History of Prague through the Centuries
- The Prague Castle is founded around 880 by prince Bořivoj of the Premyslid dynasty.
- Prague is established.
- Some members of the Premyslid dynasty embrace Christianity brought to the Czech lands by Cyril and Methodius, the “apostles of the Slavs”.
- Foundations are laid to St. Vitus Rotunda and the Vyšehrad Castle.
- The Prague bishopric is founded in 973.
- Vratislav II becomes the first Czech king in 1085 but remains subordinate to the Holy Roman Empire – and the German king
- The first stone bridge over the Vltava, Judith Bridge, is built in 1172
- The Old Town (Staré město) is founded in 1231
- The Lesser Town (Malá Strana) is founded in 1257
14th century – Prague’s Golden Age
- John of Luxembourg rules the country (1310-1346).
- The Prague Castle Area (Hradčany) is founded around 1320.
- The Old Town Hall is founded in 1338.
- Judith Bridge collapses in a flood in 1342.
- Charles IV rules the country (1346-1378) and will be remembered as the most beloved Czech king.
- Prague becomes one of the most prosperous cities in Europe and the cultural capital of Central
- The Prague bishopric is upgraded to an archbishopric.
- Construction of St. Vitus cathedral begins.
- The New Town (Nové město) is founded in 1348.
- Charles University is established in 1348 and becomes the first university in Central Europe.
- Charles IV elected Holy Roman Emperor in 1355; Prague becomes the capital of the Holy Roman
- Construction of Charles Bridge begins in 1357.
- The Hussite wars are sweeping the country from 1419 to 1437 as a result of the religious conflicts between the Hussites and the Roman Catholic Church. Many historical artifacts are destroyed and
the Prague Castle deteriorates.
16th century and Prague’s Second Golden Age
- The reign of the Habsburg dynasty begins in 1526 and the seat of power moves to Vienna.
- Prague Castle is reconstructed in the Renaissance style and a number of recreational sites are added (the Royal Garden, the Belvedere, the Ballgame Hall, etc.)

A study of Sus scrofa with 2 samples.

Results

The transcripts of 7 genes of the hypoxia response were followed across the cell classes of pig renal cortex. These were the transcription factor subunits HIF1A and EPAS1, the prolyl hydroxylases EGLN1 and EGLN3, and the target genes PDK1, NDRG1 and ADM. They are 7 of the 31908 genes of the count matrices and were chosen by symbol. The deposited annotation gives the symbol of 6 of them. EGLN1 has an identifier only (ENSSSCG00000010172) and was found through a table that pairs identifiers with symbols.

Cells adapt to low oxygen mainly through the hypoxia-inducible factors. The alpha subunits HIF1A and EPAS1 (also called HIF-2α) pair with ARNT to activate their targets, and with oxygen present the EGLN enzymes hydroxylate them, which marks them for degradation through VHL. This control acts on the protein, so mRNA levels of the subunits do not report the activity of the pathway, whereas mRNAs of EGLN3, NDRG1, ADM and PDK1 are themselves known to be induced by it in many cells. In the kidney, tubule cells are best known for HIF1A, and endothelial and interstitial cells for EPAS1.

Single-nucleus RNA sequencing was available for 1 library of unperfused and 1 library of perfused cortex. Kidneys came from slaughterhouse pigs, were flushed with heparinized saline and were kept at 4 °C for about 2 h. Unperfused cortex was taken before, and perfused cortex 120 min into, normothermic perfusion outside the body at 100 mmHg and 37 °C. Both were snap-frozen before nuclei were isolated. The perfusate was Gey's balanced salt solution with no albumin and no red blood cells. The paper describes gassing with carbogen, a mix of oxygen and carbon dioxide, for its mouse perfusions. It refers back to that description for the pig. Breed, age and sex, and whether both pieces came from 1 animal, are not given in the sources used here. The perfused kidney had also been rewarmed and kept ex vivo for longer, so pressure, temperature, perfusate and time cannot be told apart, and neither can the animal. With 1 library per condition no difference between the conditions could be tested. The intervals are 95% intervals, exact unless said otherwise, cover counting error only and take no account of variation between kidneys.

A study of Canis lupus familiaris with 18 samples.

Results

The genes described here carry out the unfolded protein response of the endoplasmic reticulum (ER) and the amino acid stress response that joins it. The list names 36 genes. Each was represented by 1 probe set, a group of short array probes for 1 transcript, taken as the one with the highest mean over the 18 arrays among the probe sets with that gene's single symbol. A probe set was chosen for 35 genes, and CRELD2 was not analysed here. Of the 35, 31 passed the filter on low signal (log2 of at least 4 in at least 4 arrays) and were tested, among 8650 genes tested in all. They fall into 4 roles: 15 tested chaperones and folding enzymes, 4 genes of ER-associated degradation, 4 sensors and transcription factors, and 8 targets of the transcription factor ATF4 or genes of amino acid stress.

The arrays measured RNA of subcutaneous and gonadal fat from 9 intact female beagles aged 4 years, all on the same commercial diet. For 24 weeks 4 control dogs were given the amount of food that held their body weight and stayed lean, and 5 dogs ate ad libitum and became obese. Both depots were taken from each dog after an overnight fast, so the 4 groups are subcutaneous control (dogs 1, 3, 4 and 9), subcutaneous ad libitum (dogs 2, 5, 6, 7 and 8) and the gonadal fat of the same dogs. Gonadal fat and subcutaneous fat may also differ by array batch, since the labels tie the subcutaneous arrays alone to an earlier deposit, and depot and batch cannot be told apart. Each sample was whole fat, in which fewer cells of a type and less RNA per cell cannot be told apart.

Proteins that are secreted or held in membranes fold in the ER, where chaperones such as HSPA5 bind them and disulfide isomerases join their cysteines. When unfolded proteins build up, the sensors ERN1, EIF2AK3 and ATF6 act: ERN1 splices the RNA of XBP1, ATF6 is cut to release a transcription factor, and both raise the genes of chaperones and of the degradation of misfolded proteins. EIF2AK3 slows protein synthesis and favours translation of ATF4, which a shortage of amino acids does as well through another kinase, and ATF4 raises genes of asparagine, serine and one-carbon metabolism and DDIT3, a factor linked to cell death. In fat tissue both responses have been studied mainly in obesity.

- Rudolf II, Holy Roman Emperor, is crowned the Czech king in 1575 and moves his court back to
- Prague in 1583. Prague becomes the center of science and alchemy and earns the nickname “Magic
Prague”. Many famous scientists are attracted to Prague, such as astronomers Tycho de Brahe and Johannes Kepler.
- The Protestant uprising begins in 1618.
- Protestants are severely defeated in the Battle of the White Mountain (bitva na Bílé hoře) in 1620.
- The Dark Age of the Czech history (doba temna) begins.
- Prague loses importance and the Prague Castle deteriorates.
- The four independent urban areas of Prague (Old Town, Malá Strana, Hradčany, New Town) are
united by Joseph II in 1784.
- A Czech nationalist movement called the National Revival (národní obrození) begins in 1784.
- The Czech language, culture and national identity are being brought back to life.
- Joseph II issues the Edict of Tolerance in 1781, granting political and religious rights to religious
- The Industrial Revolution begins.
- A railway between Vienna and Prague opens in 1845.
- The growing industry results in an increase of Prague’s Czech population as people move to the city
from the countryside.
- Josefov is added to Prague’s historical center in 1850.
- The National Revival continues. Czech institutions are established to celebrate the Czech history
and culture: the National Theater opens in 1868, the National Museum opens in 1890.
- The Austro-Hungarian empire falls in 1918 and Prague becomes the capital of independent
- Prague Castle becomes the seat of the first president of Czechoslovakia, Tomáš Garrigue Masaryk.
- Prague becomes close with Paris between WWI and WWII.
- Prague and the rest of the country are occupied by Nazi Germany during World War II (1939-1945).
- The Prague Uprising and liberation by the Soviet Red Army end World War II in 1945.
- The Communist Party seizes power after the February 25, 1948 coup d’etat.
- Alexander Dubček, secretary of the Communist Party, attempts to create “socialism with a human
face”, culminating in the spring of 1968 (“Prague Spring”). “Prague Spring” fails and five Warsaw Pact member countries invade Czechoslovakia on August 21, 1968.
- The Velvet Revolution starts in Prague on November 17, 1989 and brings an end to communism.
- Czechoslovakia becomes a democratic country.
- Václav Havel, former dissident, is elected president in the country’s first democratic elections
in January 1990.
- Czechoslovakia splits into two independent countries, Czech Republic and Slovakia on January 1,
1993. Prague becomes the capital of the Czech Republic.
- Václav Havel is elected first president of the Czech Republic in January 1993.
- The Czech Republic joins NATO in 1999.
- In 2002, the Czech Republic is approved to become a member of the European Union.
- The Czech Republic is accepted into the European Union on May 1, 2004.